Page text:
Social welfare minister in the Government of Karnataka, H Anjaneya, has said that his department is planning to introduce a new legislation to allow for the practice of manual scavenging, reported The News Minute.
In his justification for reintroducing a practice that the Supreme Court has ruled against and the central government has banned, he reportedly said the “proposal is only for emergency situations”, and that police, fire department, officers of civic agencies and an ambulance would be present in such situations.
If men are required to enter manholes when there is absolutely no choice. They must be given proper protection and only then can they be allowed to enter the manholes.
On the prospect of using machines instead, the minister expressed a lack of confidence in the ability of machines to carry out the work, asking, “What if the machines are not in working condition?”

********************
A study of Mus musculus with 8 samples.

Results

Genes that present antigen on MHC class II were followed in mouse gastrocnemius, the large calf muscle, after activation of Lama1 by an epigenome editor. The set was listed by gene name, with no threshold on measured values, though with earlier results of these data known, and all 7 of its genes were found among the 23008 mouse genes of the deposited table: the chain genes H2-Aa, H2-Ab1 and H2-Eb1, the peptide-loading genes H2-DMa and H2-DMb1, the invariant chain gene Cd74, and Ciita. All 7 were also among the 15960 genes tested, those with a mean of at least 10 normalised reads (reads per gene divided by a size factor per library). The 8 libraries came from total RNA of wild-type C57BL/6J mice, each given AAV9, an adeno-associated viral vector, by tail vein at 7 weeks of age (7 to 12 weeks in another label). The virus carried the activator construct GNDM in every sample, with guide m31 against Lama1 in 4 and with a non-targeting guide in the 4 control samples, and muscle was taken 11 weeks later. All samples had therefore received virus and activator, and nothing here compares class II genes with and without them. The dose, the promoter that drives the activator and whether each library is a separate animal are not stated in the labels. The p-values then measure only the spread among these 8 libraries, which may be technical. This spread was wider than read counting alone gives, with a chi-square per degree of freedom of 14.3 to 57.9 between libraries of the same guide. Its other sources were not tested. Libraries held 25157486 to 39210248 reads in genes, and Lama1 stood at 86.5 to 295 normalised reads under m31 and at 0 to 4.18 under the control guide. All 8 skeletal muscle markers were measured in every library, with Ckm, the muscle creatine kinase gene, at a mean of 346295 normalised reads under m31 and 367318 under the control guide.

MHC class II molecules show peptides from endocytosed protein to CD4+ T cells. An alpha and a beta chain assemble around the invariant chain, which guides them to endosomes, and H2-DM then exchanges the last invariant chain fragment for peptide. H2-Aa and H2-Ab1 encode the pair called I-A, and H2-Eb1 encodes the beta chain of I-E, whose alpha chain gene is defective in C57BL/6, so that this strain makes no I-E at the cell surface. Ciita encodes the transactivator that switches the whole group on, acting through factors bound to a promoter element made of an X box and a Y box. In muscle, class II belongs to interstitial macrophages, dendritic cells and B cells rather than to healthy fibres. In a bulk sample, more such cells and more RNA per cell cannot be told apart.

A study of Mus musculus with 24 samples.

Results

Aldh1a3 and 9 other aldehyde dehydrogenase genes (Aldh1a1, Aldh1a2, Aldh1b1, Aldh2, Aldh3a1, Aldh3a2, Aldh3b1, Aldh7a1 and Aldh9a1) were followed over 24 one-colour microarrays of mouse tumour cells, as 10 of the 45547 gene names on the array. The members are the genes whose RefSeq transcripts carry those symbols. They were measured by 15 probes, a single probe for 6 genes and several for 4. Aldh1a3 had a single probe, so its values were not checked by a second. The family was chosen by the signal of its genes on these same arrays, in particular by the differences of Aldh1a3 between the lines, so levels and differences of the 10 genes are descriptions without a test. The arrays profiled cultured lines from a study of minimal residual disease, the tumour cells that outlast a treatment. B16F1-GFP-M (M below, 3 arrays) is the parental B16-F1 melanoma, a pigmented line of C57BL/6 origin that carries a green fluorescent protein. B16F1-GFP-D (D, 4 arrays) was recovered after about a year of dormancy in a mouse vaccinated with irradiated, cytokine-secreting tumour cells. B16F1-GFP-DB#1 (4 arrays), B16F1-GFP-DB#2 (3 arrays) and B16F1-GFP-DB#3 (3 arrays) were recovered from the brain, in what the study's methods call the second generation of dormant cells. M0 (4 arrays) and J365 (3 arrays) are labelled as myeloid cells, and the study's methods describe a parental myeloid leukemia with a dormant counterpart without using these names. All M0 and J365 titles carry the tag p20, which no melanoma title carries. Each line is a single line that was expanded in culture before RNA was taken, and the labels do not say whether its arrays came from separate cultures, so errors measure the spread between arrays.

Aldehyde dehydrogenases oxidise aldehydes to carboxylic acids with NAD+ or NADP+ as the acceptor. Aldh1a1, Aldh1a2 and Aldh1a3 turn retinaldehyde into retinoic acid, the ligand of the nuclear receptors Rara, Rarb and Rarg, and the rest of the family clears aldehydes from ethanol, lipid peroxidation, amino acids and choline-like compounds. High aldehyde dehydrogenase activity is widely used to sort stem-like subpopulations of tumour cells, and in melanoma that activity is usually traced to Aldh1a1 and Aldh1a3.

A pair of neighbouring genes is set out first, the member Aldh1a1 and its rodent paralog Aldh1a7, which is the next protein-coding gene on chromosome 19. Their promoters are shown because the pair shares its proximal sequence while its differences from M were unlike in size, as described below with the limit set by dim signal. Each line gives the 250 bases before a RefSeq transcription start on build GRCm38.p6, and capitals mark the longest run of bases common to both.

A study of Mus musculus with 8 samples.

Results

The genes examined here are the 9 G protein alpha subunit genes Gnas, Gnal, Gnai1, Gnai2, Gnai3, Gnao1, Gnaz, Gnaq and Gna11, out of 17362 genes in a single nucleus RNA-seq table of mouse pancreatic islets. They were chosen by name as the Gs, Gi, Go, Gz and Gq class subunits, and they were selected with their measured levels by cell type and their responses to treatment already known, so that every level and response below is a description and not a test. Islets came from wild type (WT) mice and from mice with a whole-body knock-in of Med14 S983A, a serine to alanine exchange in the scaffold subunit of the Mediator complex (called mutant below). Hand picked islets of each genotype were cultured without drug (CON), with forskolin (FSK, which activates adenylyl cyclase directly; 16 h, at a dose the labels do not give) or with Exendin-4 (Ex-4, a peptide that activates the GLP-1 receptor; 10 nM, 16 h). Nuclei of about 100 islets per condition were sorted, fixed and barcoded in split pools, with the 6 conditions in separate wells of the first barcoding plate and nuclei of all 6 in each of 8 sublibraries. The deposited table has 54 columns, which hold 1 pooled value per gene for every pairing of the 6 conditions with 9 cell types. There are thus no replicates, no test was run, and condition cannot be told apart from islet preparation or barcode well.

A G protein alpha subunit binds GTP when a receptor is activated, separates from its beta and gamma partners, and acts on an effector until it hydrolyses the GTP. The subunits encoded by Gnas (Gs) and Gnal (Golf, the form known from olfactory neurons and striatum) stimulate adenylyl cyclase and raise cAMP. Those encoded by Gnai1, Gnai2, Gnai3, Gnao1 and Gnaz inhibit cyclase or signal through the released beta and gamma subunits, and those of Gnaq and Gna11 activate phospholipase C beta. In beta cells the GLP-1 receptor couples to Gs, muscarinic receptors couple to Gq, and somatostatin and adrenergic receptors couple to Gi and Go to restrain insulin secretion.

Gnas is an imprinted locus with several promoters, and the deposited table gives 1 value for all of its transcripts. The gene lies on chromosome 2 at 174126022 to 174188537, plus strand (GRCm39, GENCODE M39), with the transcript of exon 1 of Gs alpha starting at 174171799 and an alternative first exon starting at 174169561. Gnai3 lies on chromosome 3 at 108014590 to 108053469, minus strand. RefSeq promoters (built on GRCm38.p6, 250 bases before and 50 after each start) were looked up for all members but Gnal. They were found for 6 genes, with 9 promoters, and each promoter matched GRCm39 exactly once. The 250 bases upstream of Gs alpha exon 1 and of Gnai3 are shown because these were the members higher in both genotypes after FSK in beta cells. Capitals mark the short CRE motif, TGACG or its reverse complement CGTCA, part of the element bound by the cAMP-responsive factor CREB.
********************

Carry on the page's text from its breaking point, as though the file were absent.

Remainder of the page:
The Supreme Court had, in 2014, ordered states to abolish the practice of manual scavenging. In its ruling at the time, the three-judge Bench had said, “For sewer deaths, entering sewer lines without safety gears should be made a crime even in emergency situations.” However, Anjaneya seems to want to keep the “emergency” window open for a practice that endangers lives.
At least 60 deaths attributed to manual scavenging have been reported in Karnataka since 2008, reveal statistics from Karnataka State Commission for Safai Karmacharis. There is a possibility that these numbers are under-reported. Despite a ban on the practice, it’s apparently still practiced under the radar.